Who Elected Twitter and Facebook to Censor Speech?

Banning anyone’s political speech, left or right, is wrong. Once the speech of one party is significantly constrained or even erased, any speech opposed to the powerful will be steadily eliminated.   By  • August 7, 2020

The attacks on it are proliferating alarmingly. Now, the most powerful social media platforms—which function as today’s public square—are arrogantly silencing a U.S. president.

If a president’s right to be heard in the public square may be freely assaulted, who is safe? This is extremely dangerous to self-government and the perpetuation of our civil rights.

Yet politicians, many of them bought off by those social-media giants, do nothing. And the news media, which in the days of more objective journalism boldly championed free speech, say little or nothing if Republicans or conservatives are the targets. The same is true of former civil-liberties organizations.

The latest flap involves a Fox News interview with the president. Facebook and Twitter removed re-posts of it.

In the video, the president says children are “almost immune” to COVID-19 and should be back in school.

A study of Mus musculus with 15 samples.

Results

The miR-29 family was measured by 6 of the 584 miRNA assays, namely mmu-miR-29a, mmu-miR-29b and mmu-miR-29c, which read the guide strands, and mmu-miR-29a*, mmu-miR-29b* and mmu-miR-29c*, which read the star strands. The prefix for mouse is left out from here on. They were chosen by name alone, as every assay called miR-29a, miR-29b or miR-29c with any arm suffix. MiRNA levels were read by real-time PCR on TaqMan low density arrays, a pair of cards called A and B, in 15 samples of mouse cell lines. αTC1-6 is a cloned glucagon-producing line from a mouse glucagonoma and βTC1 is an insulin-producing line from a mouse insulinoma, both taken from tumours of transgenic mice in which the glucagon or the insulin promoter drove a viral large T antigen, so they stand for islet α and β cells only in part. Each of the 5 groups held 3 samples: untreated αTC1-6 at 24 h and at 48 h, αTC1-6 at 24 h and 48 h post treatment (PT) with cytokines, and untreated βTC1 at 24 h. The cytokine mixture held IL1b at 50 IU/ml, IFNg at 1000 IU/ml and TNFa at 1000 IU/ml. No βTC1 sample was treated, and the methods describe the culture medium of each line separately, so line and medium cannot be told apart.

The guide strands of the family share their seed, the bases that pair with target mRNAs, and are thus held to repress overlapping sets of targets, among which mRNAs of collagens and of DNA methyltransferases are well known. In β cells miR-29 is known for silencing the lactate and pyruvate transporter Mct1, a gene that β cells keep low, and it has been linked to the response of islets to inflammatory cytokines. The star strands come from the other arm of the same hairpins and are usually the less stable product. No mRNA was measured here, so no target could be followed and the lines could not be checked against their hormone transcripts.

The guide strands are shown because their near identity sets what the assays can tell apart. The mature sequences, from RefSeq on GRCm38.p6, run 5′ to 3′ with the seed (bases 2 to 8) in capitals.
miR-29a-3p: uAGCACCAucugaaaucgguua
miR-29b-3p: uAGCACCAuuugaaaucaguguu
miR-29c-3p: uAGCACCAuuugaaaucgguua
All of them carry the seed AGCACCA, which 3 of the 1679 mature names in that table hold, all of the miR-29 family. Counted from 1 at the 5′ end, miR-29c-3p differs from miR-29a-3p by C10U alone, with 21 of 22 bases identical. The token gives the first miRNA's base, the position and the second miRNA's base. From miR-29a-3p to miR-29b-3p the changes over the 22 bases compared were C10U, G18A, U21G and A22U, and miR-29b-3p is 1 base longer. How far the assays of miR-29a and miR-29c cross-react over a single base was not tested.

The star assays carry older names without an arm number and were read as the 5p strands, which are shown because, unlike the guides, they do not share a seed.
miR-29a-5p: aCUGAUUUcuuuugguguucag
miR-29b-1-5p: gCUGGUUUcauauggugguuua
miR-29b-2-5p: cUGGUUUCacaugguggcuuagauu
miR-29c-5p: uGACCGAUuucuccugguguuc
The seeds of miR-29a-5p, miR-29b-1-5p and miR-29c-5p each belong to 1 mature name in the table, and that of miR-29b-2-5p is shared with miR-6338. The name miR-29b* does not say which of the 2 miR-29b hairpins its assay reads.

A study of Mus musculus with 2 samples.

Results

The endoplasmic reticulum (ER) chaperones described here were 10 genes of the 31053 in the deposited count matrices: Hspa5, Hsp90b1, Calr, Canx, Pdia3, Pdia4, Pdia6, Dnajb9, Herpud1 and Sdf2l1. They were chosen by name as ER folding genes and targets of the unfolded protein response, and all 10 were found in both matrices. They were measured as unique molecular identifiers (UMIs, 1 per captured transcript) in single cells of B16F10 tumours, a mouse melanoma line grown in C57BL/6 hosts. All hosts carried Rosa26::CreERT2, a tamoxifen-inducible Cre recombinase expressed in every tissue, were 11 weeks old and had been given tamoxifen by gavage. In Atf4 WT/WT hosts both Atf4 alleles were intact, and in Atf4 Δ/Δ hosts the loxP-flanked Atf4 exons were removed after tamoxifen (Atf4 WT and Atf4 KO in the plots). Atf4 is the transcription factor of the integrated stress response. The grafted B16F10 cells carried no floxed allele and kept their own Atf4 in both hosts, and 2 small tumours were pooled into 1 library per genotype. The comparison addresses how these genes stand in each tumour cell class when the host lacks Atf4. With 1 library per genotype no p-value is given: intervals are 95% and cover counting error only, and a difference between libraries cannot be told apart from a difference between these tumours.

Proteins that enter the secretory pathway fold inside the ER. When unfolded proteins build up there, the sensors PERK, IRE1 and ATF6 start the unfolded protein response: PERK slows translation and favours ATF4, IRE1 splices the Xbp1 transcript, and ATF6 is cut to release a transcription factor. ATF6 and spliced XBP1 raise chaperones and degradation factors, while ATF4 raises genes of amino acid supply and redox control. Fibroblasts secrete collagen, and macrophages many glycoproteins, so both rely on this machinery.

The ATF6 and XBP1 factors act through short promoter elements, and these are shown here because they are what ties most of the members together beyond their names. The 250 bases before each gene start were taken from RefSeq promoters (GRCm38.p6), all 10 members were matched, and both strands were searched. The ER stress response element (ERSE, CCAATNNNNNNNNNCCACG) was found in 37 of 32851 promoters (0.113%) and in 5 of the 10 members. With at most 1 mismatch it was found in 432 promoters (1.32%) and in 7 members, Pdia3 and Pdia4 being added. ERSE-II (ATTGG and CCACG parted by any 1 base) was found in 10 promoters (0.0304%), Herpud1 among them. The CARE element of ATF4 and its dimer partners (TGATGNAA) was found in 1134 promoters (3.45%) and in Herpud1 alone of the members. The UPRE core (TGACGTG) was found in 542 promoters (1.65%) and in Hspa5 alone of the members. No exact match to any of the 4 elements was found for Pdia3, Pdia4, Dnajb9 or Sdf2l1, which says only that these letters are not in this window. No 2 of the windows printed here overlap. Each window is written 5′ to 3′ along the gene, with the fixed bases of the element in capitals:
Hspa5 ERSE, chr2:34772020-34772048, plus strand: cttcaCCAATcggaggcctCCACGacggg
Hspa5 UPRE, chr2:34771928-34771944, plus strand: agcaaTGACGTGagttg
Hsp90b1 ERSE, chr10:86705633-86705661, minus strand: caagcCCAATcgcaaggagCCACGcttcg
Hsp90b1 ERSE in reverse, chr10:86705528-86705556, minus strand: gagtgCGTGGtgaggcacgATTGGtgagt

A Facebook spokesperson, leaving out the word “almost,” said President Trump’s statement is not true and violates the platform’s COVID-19 policies.

“This video includes false claims that a group of people is immune from COVID-19 which is a violation of our policies around harmful COVID misinformation,” Facebook spokesperson Liz Bourgeois told Fox News.

Dr. Andrew Bostom, a Brown University associate professor of medicine, internist, and epidemiologist, insists that Mr. Trump’s statement is, in fact, true.


The above chart recently issued by the federal Centers for Disease Control and Prevention appears to provide confirmation.

The blue line at the bottom shows the deaths of people ages 0-24.

While young people are not technically “immune” from COVID-19, one can certainly say accurately that they are almost immune to its effects. Particularly in the context of a political debate about reopening the schools.